BEIJING – Olympic organizers unblocked some Internet sites at the main press center and media venues Friday while others remained off limits for journalists covering the Beijing games.
The move falls short of the "free and unfettered access" the organizers and Chinese officials had promised for months. However, it was an improvement from earlier in the week when sites for the likes of Amnesty International or Tiananmen Square could not be opened.
Senior International Olympic Committee officials met late into the night Thursday with their Chinese counterparts and said they reached an agreement to unblock sites, although the IOC statement said the details were still being formulated.
"We trust them to keep their promise," the International Olympic Committee said.
Kevan Gosper, the press commission head of the IOC, said the IOC and Chinese officials were working toward "unblocking sites that we believe were unreasonably blocked."
Gosper acknowledged full Web access was not possible due to China's authoritarian government and the tight social controls exerted by the Communist Party.
"We have always had an understanding, and we haven't necessarily talked about it, that any sovereign government will block pornographic sites and what they might consider subversive, or sites which are contrary to the national interest," Gosper said.
"I would suggest also that we are not working in a democratic society, we're working in a communist society. This is China, and they are proud to be a communist society. So it will be different.
"In terms of all other matters," Gosper said journalists and broadcasters would have the same access as previous Olympics.
"I believe we are now on the way to getting there."
Gunilla Lindberg, an IOC vice president from Sweden who is staying in the Athletes' Village, said she thought full Internet access had been achieved, but acknowledged she had not checked many sites.
"I just got the message early this morning that everything had opened up. And I'm very happy about that."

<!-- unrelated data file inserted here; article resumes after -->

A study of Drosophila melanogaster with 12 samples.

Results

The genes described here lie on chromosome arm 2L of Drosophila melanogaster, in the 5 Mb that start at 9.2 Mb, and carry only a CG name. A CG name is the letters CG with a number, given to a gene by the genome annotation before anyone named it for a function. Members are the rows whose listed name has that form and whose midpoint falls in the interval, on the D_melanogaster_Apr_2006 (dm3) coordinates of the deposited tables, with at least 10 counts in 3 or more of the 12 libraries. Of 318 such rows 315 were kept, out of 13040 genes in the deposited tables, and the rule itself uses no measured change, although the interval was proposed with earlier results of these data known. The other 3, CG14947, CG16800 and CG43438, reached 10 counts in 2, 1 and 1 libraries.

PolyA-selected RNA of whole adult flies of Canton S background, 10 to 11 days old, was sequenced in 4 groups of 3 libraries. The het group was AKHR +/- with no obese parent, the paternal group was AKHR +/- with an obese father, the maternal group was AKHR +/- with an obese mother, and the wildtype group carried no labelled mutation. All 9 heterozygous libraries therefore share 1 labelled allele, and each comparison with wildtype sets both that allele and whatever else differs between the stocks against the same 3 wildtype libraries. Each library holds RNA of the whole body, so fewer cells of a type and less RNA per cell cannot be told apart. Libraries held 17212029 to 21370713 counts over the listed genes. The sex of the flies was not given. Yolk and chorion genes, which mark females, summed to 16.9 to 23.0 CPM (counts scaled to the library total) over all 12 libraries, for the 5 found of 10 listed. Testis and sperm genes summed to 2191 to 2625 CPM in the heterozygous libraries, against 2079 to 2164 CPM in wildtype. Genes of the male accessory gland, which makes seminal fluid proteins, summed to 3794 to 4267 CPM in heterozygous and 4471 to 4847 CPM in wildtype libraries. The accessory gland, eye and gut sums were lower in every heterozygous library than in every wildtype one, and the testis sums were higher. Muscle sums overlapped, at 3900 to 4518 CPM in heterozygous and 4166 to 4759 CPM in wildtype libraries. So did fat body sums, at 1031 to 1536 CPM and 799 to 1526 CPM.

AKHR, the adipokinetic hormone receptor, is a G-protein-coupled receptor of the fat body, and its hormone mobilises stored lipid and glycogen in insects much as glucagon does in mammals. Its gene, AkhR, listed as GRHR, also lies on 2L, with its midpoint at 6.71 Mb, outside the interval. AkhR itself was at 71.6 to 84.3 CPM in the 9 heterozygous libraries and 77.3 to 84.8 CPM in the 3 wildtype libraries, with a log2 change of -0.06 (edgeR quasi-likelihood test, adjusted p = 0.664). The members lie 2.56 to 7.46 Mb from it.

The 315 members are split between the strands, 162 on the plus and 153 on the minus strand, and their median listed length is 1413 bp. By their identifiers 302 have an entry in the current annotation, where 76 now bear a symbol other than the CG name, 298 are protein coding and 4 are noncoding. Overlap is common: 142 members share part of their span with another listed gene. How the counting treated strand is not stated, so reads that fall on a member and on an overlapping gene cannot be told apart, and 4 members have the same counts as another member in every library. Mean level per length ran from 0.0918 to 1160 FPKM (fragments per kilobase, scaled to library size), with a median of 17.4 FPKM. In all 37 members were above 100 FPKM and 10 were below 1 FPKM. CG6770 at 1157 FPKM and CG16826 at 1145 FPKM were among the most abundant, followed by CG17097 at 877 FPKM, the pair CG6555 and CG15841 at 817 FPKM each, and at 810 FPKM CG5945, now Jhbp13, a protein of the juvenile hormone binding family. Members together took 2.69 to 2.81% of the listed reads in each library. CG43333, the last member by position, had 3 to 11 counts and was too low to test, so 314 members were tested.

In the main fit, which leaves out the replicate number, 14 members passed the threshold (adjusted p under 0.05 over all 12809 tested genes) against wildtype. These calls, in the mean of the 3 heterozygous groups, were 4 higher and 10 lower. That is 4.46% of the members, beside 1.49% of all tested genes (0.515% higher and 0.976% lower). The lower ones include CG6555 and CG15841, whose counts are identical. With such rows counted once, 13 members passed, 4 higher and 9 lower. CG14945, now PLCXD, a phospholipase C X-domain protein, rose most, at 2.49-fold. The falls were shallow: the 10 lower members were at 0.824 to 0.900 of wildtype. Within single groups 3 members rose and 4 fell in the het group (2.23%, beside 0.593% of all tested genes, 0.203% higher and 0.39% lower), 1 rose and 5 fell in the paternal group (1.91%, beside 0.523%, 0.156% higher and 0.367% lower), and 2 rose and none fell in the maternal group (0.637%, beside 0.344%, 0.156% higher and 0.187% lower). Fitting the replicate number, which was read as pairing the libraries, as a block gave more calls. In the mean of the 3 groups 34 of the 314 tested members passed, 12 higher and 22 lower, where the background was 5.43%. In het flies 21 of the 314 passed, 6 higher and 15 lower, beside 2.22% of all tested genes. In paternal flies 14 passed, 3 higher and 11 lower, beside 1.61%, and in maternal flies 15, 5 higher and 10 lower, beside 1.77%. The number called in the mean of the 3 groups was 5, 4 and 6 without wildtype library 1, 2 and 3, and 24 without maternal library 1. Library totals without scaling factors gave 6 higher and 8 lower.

Amnesty International's site was open on Friday, but links to the banned spiritual movement Falun Gong remained closed. Some Web sites dealing with Tibet were open, but others tied to the restive region in the west of China were blocked. The BBC's Chinese-language site was open at times, but frequently unavailable.
Searches for Falun Gong turned up only blank Web pages, and searching for sensitive phrases like "Tiananmen Square" turned up sites that could not be accessed.
China's communist government routinely filters its citizens' Internet access, although an organizing committee spokesman disputed this.
"In China, Internet access is fully open," Sun Weide said. "And we're keeping our promises when bidding for the games to provide good environment and a quality service for reporters using the Internet to cover the Olympic Games. And we administer the Internet by law."
The censored Internet is among the issues tarnishing China's attempt to us the Olympics to promote an image of a modern, open state. The run-up to the games, which begin in a week, had also been dominated by concerns about Beijing's choking air pollution, attempts to censor foreign TV broadcasters, and a security crackdown that had discouraged foreign tourists.
Gosper, the Australia IOC member, was caught up in the controversy.
On Thursday, he said he felt like the "fall guy" after promising reporters at the games they would have uncensored Internet access, only to find certain Web sites blocked. He went further by saying he suspected the IOC's senior leadership — including president Jacques Rogge — probably knew about the change and had worked with the Chinese to engineer it.
He backed off from that suggestion Friday after talking with Rogge and Hein Verbruggen, who heads an IOC committee that helped organize the Beijing games.
"I have absolute assurance from the president of the IOC that no new arrangements have been entered into with (the local organizing committee) BOCOG or the Chinese authorities in respect to censorship for the international press to report on the games," Gosper said. "I now am absolutely satisfied there hasn't been."